Former Cabinet Secretary TSR Subramanian, who heads the five-member drafting committee for the new education policy, which will be be ready this week.
Excerpts from an interview:
The drafting committee got a two-month extension on the first deadline. Will you be able to meet the second target?
We are now in the final lap (of drafting our report). The draft policy will be ready by February 29, except for the framework for future action, which needs more consultation. We don’t want to rush this bit of the report. We need two to three weeks more to finalise that.
Since last year, the (HRD) ministry has spoken to all relevant organisations and sought comments from every state. Many of those (responses) are repetitive and we can see a clear pattern there. The responses from schools, villages and individuals, for instance, are focused on local issues such as curriculum and toilets in schools. Those from the state governments look at centre-state issues, governance and policy. The responses fit a pattern.
We have been through most of the consultation reports. We had also asked the joint secretaries in the (HRD) ministry to provide us with a summary of the feedback received in their areas. Moreover, it’s not just us, we have the whole of NUEPA (National University of Educational Planning and Administration) helping us.
What is your response to the criticism that the drafting committee, except for one, has no educationist or academician in it?
This question should be directed to the ministry. But I think (their) logic was that all five of us have significant exposure to the education sector. Plus, we also have the advantage of having a cross-sectoral view. For instance, we can employ our experience in the environment sector to education.
States such as Uttar Pradesh, Bihar and Tamil Nadu haven’t submitted their consultations reports to the HRD Ministry. Are you drafting the new education policy without their inputs?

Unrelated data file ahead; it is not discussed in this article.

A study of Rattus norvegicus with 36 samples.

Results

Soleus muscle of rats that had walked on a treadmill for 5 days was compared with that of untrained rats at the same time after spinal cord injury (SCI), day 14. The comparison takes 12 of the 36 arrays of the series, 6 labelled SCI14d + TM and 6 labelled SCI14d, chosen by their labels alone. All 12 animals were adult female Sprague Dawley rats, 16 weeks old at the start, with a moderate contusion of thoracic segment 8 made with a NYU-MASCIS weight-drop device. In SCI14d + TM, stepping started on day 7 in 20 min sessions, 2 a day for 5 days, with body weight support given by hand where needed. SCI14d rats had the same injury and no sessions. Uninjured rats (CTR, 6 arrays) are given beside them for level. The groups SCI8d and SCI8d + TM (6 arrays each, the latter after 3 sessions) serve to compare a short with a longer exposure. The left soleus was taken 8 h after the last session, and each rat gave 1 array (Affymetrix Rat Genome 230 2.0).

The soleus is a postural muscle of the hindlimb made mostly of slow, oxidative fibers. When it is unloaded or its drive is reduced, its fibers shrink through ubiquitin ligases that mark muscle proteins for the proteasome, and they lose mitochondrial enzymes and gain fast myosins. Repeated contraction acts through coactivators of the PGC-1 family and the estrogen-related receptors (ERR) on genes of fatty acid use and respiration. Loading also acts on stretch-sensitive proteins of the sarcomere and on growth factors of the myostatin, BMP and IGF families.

We are not only depended on the consultation reports. We have met representatives from all state governments. Even though some haven’t formally submitted their reports, they have shared their inputs with us. For instance, Bihar officials met us during our regional meeting in Chhattisgarh.
The Indian Express has analysed the responses from 17 states sent to the HRD Ministry. Many states have come out in support of teaching foreign languages in schools and extending the scope of the Right to Education Act to Class X. Will this find a place in the new education policy?
These are areas we are touching in the report. I don’t want to comment on that.
Our analysis also shows that many states want the no-detention policy to be scrapped…
We have analysed the pros and cons and have come to a conclusion on this issue. I would request you to wait for the report.
In the context of the current debate on nationalism, do you think there is a need to instill pride in students for one’s country?
I’m answering this question in my personal capacity and not as the chairman of the drafting committee. We (Indians) have led the world in every idea of thought and we were leaders in every form of human activity. Ours is one of the oldest civilisations of the world. It’s only in the last 1,000 years we have lost our way. I think that greatness has to come back. One of the purposes of education is to awaken the child’s thoughts and make him or her aware of the great heritage we have. So, while education is about getting jobs, learning mathematics and how to work hard, it is also about being a good citizen, having good values and taking pride in your heritage.
The current government has often spoken about the need to take pride in the country’s ancient achievements and heritage. Will the education policy cover that?
We are covering that in the report.
There is a perception that the new education policy will be influenced by the RSS and its saffronisation agenda. Have you accepted feedback from organisations affiliated with the Sangh?
We have kept our doors open for everyone. As a result, we have received feedback from across the spectrum. We are concerned with what a report says rather than who it came from. All kinds of people have spoken to us. The Committee is clear in its objective. We have to elevate the quality of education in our country.